Filmmaker Brett A. Schwartz followed the late-Homaro Cantu over several years, interviewing friends, family and the Moto Restaurant founder himself. The result of Schwartz's efforts became "Insatiable: The Homaro Cantu Story." The 98-minute documentary debuts on Sunday with its world premiere at Austin's SXSW Film Festival. Fest attendees will have two more chances to watch the movie on Monday and on Thursday, March 17.
"I wanted to make sure it was authentic," Schwartz said. "Omar had been on camera a lot, interviewed a ton, and I felt like it was important that I really be there in a wide-variety of situations. I didn't want to catch him pandering to the camera."
Schwartz doesn't describe himself as a food enthusiast, having first heard of Cantu in 2005, and said Cantu's entrepreneurial spirit most interested him. The film covers Cantu from his homeless days living in a car to culinary school to arriving in Chicago and working at Charlie Trotter's to beyond. Viewers will hear an idyllic Cantu talking about helping cancer patients who have undergone chemotherapy eat and enjoy their meals. They'll see Cantu charm audiences during his TED talk from 2011, as well as see his struggles including his dismissal at Trotter's and flooding problems at iNG.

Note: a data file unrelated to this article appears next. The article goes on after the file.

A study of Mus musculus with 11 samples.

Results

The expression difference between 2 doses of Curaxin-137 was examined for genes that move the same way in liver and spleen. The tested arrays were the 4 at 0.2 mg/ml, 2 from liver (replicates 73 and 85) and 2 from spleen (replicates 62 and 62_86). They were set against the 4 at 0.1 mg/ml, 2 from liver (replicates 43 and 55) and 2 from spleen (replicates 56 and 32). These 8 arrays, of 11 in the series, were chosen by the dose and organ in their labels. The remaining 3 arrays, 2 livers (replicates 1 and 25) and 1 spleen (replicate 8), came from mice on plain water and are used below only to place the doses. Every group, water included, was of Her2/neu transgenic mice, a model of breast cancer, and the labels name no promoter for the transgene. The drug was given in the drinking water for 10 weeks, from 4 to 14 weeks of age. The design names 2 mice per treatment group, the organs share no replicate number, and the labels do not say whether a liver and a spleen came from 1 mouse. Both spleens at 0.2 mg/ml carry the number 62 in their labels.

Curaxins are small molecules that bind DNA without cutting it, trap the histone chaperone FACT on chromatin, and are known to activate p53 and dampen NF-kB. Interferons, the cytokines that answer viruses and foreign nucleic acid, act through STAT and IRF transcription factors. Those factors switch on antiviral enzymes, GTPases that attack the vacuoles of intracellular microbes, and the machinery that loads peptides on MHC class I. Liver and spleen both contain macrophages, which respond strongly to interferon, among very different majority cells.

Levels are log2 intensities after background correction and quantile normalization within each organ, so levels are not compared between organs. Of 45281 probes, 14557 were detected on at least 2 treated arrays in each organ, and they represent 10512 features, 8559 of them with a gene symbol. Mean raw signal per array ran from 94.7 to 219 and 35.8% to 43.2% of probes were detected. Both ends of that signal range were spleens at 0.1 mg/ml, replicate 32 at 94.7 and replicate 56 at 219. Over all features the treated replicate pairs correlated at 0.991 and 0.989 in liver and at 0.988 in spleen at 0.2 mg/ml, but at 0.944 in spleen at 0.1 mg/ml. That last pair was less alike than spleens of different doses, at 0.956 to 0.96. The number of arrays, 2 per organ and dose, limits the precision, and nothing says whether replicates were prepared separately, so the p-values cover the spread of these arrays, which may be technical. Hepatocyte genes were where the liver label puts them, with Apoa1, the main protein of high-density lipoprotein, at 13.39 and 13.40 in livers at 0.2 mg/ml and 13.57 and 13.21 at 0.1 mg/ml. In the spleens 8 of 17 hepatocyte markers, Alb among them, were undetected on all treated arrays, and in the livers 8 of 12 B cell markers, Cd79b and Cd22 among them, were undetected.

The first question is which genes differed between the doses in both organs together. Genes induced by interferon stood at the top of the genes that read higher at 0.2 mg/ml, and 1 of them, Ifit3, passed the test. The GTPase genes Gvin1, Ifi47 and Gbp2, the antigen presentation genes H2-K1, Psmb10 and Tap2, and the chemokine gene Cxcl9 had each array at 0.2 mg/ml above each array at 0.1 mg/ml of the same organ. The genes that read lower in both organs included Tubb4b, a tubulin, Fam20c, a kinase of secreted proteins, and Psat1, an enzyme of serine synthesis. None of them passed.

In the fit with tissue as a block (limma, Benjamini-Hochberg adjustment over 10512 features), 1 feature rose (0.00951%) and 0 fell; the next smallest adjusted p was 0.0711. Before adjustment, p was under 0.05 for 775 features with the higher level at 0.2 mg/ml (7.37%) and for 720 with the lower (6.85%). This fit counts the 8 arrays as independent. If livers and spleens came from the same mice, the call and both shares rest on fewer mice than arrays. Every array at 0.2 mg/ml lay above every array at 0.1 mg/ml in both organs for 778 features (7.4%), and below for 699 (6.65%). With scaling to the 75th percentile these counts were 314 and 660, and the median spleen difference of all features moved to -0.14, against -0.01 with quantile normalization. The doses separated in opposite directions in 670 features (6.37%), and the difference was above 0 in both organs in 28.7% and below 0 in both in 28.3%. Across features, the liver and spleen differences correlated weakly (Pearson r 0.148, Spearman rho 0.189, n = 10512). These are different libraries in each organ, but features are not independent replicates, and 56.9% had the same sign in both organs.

"It's again taking us back to what's the cost of being a visionary, what motivates geniuses?" Schwartz said.
Schwartz compared Cantu to late-Apple founder Steve Jobs, saying Cantu was obsessed with changing the world. That's why Cantu opened up his sugar-free coffee shop, Berrista, wanting the public to rid their dependance on sugar. Cantu's friends, like ex-Moto chef Trevor Rose-Hamblin and Curtis Duffy (Grace), make appearances. Schwartz said he didn't want to canonize or discredit Cantu. He only wanted reflect Cantu's character as accurate as possible, but at the same time be respectful to the loved ones left behind: "I wanted to hold up a kind of mirror to him, and I think it's a really hard thing to do, frankly, when somebody's passed away, particularly the way that he did."
"I wanted viewers to have a punch in the gut, to feel what the community felt," Schwartz said. "But I also wanted there to be a tinge of a hopeful future in terms of what happens next with Omar's ideas."